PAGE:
Fox News hosts and executives have, on several occasions, defended themselves against charges that Fox News leans conservative by pointing to the purported conservative/liberal balance that Sean Hannity and Alan Colmes represent. However, Fox News will reportedly debut a new show next year starring Hannity in the time slot in which the channel currently airs Hannity & Colmes. Fox News already provides Hannity with his own weekend show, on which he has offered up a slew of misinformation, smears, and a guest with a long history of anti-Semitic and racially charged comments.
On January 12, 2009, Fox News will reportedly debut a new weeknight show, Hannity, starring Sean Hannity in the time slot in which the channel currently airs Hannity & Colmes. A November 24 Fox News press release stated that “Alan Colmes will relinquish his role as co-host of Hannity & Colmes at the end of the year,” and according to a December 11 Hollywood Reporter article, “After weeks trying to find a suitable replacement for the departing Alan Colmes, Sean Hannity will go it alone.” The cable network has previously defended itself against charges that it leans conservative by pointing to the conservative/liberal balance Hannity and co-host Alan Colmes purportedly represent. Additionally, Hannity's current solo Fox News program, Hannity's America -- which usually airs on Sunday nights -- has offered up a slew of misinformation, smears against progressives and Democrats, and even a guest with a history of anti-Semitic and racially charged comments.
When Fox News announced its plans to air Hannity's America without Colmes as a co-host, Media Matters for America noted that Hannity and Colmes and Fox News host Bill O'Reilly have cited Colmes' presence on Hannity & Colmes to claim Fox News offers a diversity of views. Rupert Murdoch, the chairman and CEO of Fox News parent News Corp., and Fox News Chairman and chief executive Roger Ailes have done the same.
During a May 8, 2003, hearing before the House Committee on the Judiciary on News Corp.'s acquisition of a controlling interest in DirectTV, Rep. Maxine Waters (D-CA) asked Murdoch:
I certainly see why it is in the private interests of News Corp. to pursue its proposed transaction with DirecTV, but why should we be supportive of a transaction that could reduce diversity of opinion and result in fewer voices in news programming? How do you explain the absence of liberal voices on Fox News Channel? Do you contend that you're just responding to public taste? Or is Fox News Channel simply reflecting your own personal views? Or is there some other explanation that I don't understand?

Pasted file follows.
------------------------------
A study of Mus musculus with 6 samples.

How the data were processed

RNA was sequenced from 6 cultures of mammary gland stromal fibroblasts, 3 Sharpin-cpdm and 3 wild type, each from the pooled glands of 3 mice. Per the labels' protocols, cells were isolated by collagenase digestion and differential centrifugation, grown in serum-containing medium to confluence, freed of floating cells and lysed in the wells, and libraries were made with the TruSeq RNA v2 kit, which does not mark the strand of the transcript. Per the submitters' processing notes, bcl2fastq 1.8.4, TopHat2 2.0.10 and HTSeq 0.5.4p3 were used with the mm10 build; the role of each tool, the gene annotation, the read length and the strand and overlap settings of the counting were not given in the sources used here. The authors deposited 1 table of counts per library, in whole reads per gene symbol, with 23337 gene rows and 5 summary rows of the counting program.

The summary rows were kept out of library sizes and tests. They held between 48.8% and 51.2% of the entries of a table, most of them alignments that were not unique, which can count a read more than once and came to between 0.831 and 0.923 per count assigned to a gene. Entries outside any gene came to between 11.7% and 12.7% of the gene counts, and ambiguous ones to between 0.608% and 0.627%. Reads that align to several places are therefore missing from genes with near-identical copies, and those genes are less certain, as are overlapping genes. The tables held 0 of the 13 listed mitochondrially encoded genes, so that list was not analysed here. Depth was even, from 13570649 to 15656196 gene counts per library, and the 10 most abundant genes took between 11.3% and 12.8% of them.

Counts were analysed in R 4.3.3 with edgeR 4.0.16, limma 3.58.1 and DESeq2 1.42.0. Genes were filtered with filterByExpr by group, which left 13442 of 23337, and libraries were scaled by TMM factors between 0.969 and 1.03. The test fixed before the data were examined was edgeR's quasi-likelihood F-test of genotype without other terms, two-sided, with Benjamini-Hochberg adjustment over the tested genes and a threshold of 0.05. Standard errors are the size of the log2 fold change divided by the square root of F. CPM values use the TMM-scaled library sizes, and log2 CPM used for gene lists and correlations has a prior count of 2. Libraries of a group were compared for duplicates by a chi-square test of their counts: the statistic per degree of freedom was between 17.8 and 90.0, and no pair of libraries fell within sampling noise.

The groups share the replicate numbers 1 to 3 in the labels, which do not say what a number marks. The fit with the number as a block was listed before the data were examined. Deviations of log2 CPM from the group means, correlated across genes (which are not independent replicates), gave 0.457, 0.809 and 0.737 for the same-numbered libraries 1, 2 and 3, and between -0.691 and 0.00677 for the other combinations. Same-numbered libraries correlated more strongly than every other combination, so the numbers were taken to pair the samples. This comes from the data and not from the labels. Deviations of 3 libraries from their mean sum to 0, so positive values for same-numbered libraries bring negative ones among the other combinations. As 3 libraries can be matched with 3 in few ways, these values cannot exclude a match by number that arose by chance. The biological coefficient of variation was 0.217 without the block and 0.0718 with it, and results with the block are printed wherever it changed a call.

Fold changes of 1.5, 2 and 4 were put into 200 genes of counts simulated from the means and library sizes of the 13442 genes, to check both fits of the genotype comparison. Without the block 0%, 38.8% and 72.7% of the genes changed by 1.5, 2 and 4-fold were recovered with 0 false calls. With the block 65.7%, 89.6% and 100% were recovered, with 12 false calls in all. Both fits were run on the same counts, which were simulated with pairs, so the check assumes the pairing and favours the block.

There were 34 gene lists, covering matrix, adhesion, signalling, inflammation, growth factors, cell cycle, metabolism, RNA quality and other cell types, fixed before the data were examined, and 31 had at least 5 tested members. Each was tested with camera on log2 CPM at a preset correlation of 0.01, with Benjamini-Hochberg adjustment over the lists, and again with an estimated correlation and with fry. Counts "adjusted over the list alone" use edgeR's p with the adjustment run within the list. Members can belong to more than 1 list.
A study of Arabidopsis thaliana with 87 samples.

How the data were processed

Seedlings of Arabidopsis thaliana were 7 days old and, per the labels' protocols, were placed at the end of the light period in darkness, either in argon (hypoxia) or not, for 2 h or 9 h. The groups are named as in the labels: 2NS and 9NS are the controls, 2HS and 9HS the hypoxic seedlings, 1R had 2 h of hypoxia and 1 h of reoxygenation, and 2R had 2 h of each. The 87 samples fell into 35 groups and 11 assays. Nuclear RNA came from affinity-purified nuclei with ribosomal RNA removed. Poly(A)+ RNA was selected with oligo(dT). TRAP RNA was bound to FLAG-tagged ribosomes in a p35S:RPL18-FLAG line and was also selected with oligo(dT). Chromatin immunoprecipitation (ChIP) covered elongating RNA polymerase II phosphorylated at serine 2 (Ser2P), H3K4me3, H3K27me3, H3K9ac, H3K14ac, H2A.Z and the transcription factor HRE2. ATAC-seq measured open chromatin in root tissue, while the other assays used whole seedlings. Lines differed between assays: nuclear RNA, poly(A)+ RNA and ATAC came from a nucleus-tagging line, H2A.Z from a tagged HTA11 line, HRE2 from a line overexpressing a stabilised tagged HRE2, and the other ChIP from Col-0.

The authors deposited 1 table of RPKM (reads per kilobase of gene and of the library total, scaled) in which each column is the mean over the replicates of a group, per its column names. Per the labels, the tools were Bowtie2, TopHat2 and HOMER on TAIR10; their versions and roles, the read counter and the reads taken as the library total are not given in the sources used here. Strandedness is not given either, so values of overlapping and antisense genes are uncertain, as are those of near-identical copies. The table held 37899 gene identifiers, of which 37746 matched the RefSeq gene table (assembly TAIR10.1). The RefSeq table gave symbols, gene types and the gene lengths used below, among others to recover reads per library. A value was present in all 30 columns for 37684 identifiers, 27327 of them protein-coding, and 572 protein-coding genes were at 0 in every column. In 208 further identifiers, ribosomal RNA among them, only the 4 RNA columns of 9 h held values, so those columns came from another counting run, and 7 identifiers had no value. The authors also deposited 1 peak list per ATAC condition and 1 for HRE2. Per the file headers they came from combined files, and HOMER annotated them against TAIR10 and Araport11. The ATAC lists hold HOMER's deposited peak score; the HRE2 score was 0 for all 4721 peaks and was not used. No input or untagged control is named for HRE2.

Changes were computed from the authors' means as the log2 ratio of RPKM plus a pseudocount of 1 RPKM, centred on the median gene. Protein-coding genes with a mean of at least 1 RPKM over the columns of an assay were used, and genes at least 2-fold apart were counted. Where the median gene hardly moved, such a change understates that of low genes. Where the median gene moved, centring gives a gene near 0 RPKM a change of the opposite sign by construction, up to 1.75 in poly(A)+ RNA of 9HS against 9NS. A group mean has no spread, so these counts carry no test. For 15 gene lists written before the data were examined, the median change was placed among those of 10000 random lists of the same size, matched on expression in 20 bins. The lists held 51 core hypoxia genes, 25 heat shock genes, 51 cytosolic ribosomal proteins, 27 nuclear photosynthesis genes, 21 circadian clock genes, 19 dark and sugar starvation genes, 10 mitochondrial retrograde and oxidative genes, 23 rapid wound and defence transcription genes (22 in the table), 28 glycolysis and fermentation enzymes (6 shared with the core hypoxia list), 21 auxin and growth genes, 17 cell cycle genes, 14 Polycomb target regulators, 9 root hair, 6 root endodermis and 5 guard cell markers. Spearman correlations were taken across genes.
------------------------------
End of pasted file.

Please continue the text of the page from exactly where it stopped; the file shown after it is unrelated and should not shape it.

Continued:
During his response, Murdoch stated that “there is diversity of opinion on Fox News,” adding: “You may disagree with that. We have many liberals there, many liberals are invited. We have liberal commentators, as we have conservative ones.” Waters then asked: “Who are your liberal commentators?” Murdoch responded, “Alan Colmes, for one. Greta van Susteren. You know, it's in the eye of the beholder, I guess.”
In a June 24, 2001, New York Times Magazine article, Marshall Sella wrote of Ailes: “His goal at Fox is to deregulate facts, not unlike the way Republicans prefer to govern.” Sella continued:
'' 'I was the one, at CNBC, who put Geraldo and Chris Matthews and Charles Grodin on the air,' he says. 'No problems there. But now I get attacked for putting Sean Hannity on because he's a conservative -- even when Alan Colmes, the liberal, is there to balance him!' "
From the Hollywood Reporter article:
After weeks trying to find a suitable replacement for the departing Alan Colmes, Sean Hannity will go it alone.
Hannity on January 12 will debut “Hannity,” a retooled version of the second highest-rated program in cable news (after Fox News Channel's own “The O'Reilly Factor”). It will be the first time since signing on in 1996 that Fox News Channel has changed its 9 p.m. program in any way, the network said.
Fox News said that a program centered around Hannity was better than trying to find a replacement for Colmes.
“In the end, we couldn't replace Alan and the chemistry those two had, the friendship they had,” said Bill Shine, senior vp programing at Fox News Channel. At the same time, Fox News wanted to showcase Hannity.
But it's not going to just be Hannity. Shine said that the idea is to have, along with Hannity, something called “the Great American Panel,” including one conservative, one liberal and someone else the show calls “an X factor.” That panel will talk about issues in several segments per night. The “X factor” could include a comedian, a former politician or even someone like “Joe the Plumber.”
“It's a work in progress,” Shine said.